When the Frick Collection decided in around 2013 that the easiest way to obtain much-needed space would be to build a 60,000-square-foot addition in their Russell Page-designed garden, it must surely have known there would be an uproar from preservationists, landscape architects, the media, and their immediate neighbours on the Upper East Side.

Now things are calmer. This spring the Frick put forth a more modest expansion plan which, despite some serious opposition, made its way through the politically charged land-use-review process that includes input from the local community board and approval from the Landmarks Preservation Commission, a city government agency. (Crucial as the commission is, it’s not the end of the road for the Frick, which must face the city’s Board of Standards and Appeals – and more public hearings – on three requested waivers in September.)

But what can be learned from this expensive controversy that in some ways began decades ago, in the 1970s, when the Frick was forced to postpone an expansion for economic reasons? Since 1935, the Frick has added only 700 square feet of space, a minuscule amount, even as its collection has more than doubled in size and its attendance has ballooned, thanks to booming tourism. It needs space to serve its patrons, who are often left standing in long lines outside and then excessively crowded once they gained admittance. Similarly, the museum store and café are tiny and inadequate, and the office space dark and cramped.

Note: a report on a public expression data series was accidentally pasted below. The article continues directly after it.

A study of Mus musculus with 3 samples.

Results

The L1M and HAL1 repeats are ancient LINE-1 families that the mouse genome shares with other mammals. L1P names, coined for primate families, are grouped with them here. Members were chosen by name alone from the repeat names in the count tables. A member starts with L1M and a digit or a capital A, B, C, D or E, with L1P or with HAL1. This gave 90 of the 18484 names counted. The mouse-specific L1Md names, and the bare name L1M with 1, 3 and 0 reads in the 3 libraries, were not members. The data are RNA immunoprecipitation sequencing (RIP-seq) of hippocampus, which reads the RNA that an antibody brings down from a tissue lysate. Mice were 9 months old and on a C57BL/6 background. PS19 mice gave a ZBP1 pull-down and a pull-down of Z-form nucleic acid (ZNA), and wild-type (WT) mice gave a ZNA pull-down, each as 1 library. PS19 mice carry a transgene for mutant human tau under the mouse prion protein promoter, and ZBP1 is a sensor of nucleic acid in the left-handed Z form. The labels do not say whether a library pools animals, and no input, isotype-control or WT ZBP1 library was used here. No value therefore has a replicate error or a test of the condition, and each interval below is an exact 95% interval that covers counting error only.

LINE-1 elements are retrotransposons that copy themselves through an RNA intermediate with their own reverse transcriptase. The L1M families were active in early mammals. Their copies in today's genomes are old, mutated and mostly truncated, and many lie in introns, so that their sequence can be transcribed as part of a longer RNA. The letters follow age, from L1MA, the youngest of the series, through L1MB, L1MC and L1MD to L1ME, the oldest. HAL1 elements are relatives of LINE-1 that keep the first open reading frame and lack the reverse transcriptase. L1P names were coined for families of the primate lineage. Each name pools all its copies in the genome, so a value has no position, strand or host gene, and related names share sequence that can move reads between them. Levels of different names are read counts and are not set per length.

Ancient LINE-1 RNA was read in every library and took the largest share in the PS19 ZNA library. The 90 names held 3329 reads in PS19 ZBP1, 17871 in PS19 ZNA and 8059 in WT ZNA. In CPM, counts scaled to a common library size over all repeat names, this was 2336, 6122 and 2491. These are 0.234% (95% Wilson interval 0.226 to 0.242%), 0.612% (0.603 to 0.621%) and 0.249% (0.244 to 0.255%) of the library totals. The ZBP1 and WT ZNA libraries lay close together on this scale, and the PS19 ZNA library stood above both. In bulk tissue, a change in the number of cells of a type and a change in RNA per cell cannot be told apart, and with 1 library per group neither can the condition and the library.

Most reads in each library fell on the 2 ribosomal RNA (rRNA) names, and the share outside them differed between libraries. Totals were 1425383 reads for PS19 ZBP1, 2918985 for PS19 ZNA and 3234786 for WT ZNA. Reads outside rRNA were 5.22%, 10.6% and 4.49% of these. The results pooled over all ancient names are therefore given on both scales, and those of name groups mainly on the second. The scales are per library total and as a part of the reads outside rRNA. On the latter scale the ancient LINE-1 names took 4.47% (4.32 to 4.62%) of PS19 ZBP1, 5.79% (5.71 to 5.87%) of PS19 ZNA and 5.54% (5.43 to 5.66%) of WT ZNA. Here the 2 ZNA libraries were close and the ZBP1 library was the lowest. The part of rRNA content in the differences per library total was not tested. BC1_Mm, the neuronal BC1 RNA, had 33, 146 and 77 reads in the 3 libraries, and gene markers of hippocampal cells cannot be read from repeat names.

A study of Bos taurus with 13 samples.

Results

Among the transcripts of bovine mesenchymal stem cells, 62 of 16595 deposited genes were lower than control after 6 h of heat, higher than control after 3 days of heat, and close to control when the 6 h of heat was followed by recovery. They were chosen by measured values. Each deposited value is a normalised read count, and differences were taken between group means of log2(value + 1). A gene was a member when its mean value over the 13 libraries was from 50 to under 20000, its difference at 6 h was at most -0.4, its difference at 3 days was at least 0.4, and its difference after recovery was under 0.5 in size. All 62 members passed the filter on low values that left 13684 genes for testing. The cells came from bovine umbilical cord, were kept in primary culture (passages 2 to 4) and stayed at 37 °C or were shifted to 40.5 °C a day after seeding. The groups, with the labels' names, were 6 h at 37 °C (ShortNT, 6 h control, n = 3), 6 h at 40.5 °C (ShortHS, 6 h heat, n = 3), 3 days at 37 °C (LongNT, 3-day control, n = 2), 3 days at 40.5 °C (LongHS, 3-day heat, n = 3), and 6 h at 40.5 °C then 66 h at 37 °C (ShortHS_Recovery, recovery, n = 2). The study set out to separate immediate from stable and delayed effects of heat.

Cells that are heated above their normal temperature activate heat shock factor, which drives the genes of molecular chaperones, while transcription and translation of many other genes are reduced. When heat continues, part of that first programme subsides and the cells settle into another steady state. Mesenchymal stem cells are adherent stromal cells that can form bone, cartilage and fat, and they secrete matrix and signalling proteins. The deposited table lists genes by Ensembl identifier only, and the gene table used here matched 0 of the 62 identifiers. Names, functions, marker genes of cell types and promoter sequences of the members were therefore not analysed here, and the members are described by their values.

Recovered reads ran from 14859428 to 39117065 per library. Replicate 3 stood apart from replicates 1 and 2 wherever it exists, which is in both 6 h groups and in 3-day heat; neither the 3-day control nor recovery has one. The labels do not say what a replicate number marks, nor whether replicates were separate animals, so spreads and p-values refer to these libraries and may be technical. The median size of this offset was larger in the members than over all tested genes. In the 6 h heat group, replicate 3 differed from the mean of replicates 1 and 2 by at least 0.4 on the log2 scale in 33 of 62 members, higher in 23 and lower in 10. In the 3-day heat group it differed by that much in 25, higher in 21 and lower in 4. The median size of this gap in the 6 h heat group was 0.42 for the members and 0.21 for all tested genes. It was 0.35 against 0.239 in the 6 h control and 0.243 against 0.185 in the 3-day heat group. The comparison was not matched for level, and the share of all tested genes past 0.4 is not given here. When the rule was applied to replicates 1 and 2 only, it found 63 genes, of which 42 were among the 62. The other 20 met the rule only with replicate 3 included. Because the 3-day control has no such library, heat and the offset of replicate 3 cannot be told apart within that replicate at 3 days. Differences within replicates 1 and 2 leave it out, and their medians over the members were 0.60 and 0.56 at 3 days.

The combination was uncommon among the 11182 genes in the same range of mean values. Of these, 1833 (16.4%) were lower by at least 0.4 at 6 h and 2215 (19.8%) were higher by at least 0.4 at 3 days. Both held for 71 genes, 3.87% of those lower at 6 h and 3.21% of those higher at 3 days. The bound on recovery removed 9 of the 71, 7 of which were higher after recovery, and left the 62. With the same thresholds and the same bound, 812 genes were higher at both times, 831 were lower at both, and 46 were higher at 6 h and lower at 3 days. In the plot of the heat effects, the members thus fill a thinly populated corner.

One of New York’s loveliest buildings, designed by Carrère and Hastings and sited amid serene gardens, the Henry Clay Frick residence houses an extraordinary art collection that includes some of the most famous paintings on the planet: Hans Holbein’s Thomas More and Thomas Cromwell, grimly facing each other across the fireplace, just as Frick had placed them; a roomful of Jean-Honoré Fragonard’s Progress of Love panels; three gorgeous Vermeers, full-length Whistlers and Van Dycks, many Rembrandts, and much more. Although well endowed financially, the Frick is small by New York standards. Its smallness, long part of its charm, is becoming a burden.